Pannek J, Marks LS, Pearson JD, Rittenhouse HG, Chan DW, Shery ED,
Gormley GJ, Subong EN, Kelley CA, Stoner E, Partin AW
J Urol 1998 Feb;159(2):449-53

James Buchanan Brady Urological Institute and the Department of Clinical Chemistry,
Johns Hopkins Medical Institution, Baltimore, Maryland, USA.

PURPOSE -- Finasteride therapy for benign prostatic hyperplasia (BPH) results in a marked lowering of serum prostate specific antigen (PSA) levels. However, little is known about the effect of finasteride on unbound or free serum levels of PSA. Such information would be important since percent free PSA may substantially improve the cancer specificity of PSA testing. Thus, we prospectively studied the effect of finasteride therapy on total and free serum PSA levels.

MATERIALS AND METHODS -- In a randomized, placebo controlled, double-blind trial 40 men with histologically confirmed BPH (age range 52 to 78 years) were treated with either 5 mg. finasteride daily (26 patients) for 9 months or placebo (14) for 6 months. Prostate volume was assessed by transrectal ultrasound. Serum levels of free and total PSA were measured from archived serum samples stored at -70C at baseline and for as long as 9 months of treatment.

RESULTS -- In the finasteride group mean total PSA levels declined from 3.0 ng./ml. at baseline to 1.5 ng./ml. after 6 months of treatment (50% decrease, p <0.01). In the placebo group, with similar baseline levels, no significant change was observed. PSA density declined significantly in finasteride treated men (p <0.01) but not in men receiving placebo. The mean percent free PSA (13 to 17% at baseline) was not altered significantly by finasteride or placebo.

CONCLUSIONS -- Total PSA serum levels decreased by an average of 50% during finasteride therapy but percent free PSA did not change significantly. This information is potentially useful in the interpretation of PSA data used for early detection of prostate cancer in men receiving finasteride. However, further studies are required to demonstrate the use of percent free PSA to detect the development of cancer.

Prostate tissue composition and response to finasteride in men with symptomatic benign prostatic hyperplasia.

Marks LS, Partin AW, Gormley GJ, Dorey FJ, Shery ED, Garris JB,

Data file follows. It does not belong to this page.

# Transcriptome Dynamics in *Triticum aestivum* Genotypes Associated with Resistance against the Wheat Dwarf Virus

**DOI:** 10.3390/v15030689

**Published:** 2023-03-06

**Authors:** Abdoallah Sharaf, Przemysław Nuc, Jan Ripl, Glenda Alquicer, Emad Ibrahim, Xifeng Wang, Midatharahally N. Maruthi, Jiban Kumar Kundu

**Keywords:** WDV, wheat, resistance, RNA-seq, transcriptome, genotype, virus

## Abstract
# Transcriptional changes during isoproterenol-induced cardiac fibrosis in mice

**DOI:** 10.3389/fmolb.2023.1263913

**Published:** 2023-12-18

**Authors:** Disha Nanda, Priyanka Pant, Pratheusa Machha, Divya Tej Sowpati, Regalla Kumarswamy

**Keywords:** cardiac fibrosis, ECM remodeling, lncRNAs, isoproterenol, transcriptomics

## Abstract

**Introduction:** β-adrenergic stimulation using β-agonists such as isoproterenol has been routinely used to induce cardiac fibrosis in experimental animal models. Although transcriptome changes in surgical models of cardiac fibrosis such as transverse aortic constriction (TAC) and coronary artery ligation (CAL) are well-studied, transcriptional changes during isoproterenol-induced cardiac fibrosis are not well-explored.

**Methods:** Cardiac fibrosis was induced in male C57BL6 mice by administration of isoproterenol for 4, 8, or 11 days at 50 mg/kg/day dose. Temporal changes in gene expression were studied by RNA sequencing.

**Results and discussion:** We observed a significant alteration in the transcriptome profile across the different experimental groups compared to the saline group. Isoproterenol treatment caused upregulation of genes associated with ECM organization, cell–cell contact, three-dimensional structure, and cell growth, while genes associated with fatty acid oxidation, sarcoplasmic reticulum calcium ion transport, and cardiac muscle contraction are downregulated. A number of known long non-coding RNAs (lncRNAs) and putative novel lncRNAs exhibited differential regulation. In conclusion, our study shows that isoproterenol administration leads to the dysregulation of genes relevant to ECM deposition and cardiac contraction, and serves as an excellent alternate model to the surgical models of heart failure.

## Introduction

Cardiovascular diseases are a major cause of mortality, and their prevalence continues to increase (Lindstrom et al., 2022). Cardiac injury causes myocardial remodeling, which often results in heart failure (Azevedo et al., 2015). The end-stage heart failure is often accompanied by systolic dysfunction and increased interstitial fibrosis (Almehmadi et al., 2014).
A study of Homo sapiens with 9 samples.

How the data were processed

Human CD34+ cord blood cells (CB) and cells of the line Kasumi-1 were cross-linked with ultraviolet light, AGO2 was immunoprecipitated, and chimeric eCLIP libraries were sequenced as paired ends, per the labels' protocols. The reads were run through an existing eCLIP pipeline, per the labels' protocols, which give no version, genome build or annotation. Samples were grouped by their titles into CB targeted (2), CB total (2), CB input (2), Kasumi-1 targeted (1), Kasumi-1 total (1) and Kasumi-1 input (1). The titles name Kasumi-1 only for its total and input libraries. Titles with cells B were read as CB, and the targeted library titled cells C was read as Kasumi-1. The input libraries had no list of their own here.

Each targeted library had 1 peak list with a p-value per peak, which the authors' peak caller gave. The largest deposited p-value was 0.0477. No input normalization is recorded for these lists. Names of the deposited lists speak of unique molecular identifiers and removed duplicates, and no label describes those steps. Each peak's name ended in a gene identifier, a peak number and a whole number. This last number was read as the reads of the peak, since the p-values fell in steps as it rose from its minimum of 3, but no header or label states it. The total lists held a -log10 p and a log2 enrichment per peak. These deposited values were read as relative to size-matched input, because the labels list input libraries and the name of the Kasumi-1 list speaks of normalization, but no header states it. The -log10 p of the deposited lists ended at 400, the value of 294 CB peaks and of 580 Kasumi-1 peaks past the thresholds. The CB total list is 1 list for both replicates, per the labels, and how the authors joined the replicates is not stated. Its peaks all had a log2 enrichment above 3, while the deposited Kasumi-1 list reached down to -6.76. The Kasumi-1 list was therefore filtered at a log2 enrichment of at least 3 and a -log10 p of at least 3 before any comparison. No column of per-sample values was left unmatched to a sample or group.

Subong EN, Stoner E, deKernion JB
J Urol 1997 Jun;157(6):2171-8

Department of Surgery/Urology, UCLA School of Medicine, USA.

PURPOSE -- We sought to quantify prostate tissue changes induced by finasteride and to identify a predictor of finasteride response in men with symptomatic benign prostatic hyperplasia (BPH) via a randomized, placebo controlled, double-blind clinical trial.

MATERIALS AND METHODS -- Men with symptomatic BPH (52 to 78 years old) were randomly assigned to 6 months of treatment with finasteride (26) or placebo (15). Outcome measures were clinical (urinary symptom score and flow rate), chemical (serum prostate specific antigen and dihydrotestosterone levels), volumetric (transrectal ultrasound, and magnetic resonance imaging for whole and zonal prostate volumes) and histological (morphometry of prostate sextant biopsies, separated into inner and outer gland segments, to measure the percent epithelium, stroma and glandular lumen).

RESULTS -- In the finasteride group we found a suggestion of decreasing symptom scores and increasing flow rates (not significant) with significant decreases (p < 0.01) in prostate specific antigen (48%), dihydrotestosterone (74%) and prostate volume (21%). Finasteride treatment induced a 55% decrease in inner gland epithelium (p < 0.01) with little effect on stroma or lumina. We also found a linear correlation between pretreatment inner gland epithelial content and prostate volume decrease induced by the drug (tau = 0.58, p = 0.01).

CONCLUSIONS -- Finasteride treatment results in a major suppression of prostate epithelium, which is most pronounced in the inner gland. Moreover, a finasteride induced prostate volume decrease was predictable by quantification of epithelial tissues of the inner gland. These data lend additional support to the emerging concept of transition zone primacy in symptomatic BPH.